You’ve been an agent for a few years. You’ve become pretty good at what you do. You’re wondering what the next step is. Should you become a broker? There are pros and cons to starting your own brokerage, but before you weigh those, here are some boxes you should be able to check before you consider making that jump. 

You’re legally eligible 
This one is obvious, but just in case you forgot, you need to make sure that you’ve completed the necessary coursework and operated as an agent for long enough to qualify for a broker license in your state. 

You have a deep understanding of your local market
In the time you’ve spent as an agent, you’ve learned the housing market in which you operate inside out. You have a good sense of the trends that are shaping prices for different types of real estate, particularly the local economy. You know what areas of town are hot and which ones are cold. You know where the best schools are and where new development is taking place.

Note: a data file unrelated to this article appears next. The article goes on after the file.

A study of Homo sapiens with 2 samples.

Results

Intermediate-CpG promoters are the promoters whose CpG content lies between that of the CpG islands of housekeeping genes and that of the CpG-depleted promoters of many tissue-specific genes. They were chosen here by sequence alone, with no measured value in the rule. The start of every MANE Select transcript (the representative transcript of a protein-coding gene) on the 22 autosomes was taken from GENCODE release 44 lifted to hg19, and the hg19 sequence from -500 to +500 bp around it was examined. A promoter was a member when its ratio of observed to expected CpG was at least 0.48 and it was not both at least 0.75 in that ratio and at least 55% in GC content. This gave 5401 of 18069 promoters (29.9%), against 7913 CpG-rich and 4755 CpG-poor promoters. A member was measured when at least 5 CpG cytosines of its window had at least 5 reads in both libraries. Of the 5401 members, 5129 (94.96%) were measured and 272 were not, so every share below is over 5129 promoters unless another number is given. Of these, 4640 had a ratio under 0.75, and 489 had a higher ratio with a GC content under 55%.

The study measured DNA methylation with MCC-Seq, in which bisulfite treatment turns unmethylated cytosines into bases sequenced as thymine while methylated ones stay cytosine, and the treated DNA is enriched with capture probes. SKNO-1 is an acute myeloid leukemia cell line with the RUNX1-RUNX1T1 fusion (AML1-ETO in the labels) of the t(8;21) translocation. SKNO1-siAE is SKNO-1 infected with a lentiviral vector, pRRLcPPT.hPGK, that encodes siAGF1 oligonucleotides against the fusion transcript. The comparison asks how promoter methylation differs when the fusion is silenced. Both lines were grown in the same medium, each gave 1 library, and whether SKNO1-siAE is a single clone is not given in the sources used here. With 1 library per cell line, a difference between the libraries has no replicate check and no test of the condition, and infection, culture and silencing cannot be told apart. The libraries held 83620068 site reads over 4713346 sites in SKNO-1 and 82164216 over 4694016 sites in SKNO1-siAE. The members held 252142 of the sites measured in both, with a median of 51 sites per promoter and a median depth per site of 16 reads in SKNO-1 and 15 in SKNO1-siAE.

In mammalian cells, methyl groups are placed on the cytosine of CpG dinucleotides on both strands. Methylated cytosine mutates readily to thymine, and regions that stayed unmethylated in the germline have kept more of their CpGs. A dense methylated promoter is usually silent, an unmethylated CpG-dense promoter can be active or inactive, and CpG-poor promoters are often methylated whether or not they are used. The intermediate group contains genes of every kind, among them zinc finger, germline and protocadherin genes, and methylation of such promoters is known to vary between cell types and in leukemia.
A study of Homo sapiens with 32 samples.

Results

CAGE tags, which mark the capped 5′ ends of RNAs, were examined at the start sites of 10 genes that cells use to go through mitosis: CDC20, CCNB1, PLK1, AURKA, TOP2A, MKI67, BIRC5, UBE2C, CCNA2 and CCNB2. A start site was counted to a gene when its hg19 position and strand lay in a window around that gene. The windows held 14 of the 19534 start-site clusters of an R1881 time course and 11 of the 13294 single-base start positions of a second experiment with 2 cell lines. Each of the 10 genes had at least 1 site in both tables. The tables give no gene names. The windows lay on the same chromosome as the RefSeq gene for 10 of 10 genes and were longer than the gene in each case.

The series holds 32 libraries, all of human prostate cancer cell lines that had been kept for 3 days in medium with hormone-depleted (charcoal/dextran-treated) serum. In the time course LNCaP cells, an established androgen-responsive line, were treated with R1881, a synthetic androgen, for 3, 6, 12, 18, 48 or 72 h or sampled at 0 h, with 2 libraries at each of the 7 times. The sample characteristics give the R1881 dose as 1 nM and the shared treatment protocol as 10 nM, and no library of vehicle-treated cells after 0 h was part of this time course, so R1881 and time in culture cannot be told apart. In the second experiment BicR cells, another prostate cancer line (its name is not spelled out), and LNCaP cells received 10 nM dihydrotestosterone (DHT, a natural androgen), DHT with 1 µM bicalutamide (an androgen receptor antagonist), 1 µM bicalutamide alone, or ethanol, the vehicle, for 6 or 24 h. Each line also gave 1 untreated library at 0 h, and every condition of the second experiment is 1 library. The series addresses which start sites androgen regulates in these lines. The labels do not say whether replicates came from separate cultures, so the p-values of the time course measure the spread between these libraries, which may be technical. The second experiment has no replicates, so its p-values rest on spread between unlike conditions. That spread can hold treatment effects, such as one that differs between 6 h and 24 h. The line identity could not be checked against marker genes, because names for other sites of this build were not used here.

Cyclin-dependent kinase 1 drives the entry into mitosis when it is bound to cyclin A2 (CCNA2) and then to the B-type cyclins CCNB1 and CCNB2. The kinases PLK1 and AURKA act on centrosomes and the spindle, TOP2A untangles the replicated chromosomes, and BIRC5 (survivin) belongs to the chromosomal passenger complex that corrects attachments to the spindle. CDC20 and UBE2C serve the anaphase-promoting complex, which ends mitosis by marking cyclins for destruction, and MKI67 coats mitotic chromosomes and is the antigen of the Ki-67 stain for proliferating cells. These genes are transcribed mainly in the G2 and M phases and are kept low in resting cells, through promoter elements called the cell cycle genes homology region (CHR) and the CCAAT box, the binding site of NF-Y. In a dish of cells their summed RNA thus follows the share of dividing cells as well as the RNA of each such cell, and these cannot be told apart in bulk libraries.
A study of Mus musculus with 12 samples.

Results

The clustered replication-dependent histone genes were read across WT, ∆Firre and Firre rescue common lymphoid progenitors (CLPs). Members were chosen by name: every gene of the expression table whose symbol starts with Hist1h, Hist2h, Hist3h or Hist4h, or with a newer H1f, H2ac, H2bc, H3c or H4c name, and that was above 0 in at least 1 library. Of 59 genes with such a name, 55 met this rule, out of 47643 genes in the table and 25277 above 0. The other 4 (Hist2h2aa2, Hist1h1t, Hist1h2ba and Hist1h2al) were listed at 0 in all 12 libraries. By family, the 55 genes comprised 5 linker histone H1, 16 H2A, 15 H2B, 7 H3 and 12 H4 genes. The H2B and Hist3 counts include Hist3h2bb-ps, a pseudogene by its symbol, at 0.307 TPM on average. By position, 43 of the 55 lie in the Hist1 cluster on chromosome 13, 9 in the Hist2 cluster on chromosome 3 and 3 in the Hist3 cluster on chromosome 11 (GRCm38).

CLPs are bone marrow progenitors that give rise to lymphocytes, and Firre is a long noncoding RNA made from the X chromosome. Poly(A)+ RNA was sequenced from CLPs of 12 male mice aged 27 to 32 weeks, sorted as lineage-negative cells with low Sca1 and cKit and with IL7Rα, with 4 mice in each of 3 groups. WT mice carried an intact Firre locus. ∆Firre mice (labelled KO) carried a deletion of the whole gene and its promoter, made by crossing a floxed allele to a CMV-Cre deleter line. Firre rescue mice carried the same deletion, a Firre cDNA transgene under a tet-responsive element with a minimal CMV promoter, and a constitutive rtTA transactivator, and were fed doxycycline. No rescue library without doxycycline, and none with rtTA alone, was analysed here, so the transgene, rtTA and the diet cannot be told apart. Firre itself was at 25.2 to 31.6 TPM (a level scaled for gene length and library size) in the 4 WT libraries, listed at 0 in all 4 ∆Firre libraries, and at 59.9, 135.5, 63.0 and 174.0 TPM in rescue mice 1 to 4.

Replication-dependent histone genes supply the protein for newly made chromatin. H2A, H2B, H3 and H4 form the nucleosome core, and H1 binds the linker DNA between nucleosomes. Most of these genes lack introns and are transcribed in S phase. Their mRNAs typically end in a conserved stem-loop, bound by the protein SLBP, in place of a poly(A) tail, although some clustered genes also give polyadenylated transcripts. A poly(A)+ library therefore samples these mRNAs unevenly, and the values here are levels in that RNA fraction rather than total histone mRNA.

You have a vision
Starting a successful business is not something you can do passively. It’s a major project that carries risks and requires your total commitment. Have you thought about what it would take to start a business and assemble and oversee a team? Have you carefully thought out a plan that you’re excited to put in place? If so, you just might be ready to go for it. 

Other agents value your judgment 
How do you interact with other agents? Are you able to get along well with colleagues? Do they seek or appreciate your feedback? Would they be willing to work for you? 

You’ve got a lot of leads
You can’t just start a brokerage and hope that everybody else is bringing in leads. You have to have a steady stream of business that your brokerage will be able to build upon. If you’re so busy that you find yourself having to turn away business, you’re probably in a good position to start your own business. 

You’re a skilled administrator
You might be the world’s greatest agent, with more leads than you can handle, but that won’t do much good if you’re not up to the day-to-day duties of running a business. Your job is no longer simply to generate commissions, but to figure out how to most wisely invest them. You have to manage a budget for a whole team of agents, including payroll, marketing, insurance, rent for office space and a variety of miscellaneous expenses. Top-notch organization skills are a must. 

You like working with people
Some salespeople thrive in the profession because they enjoy working independently. If you want to become a broker, you need to be able to operate well in an office environment with colleagues who depend on you and look up to you. If you want to be a broker, you should look forward to that.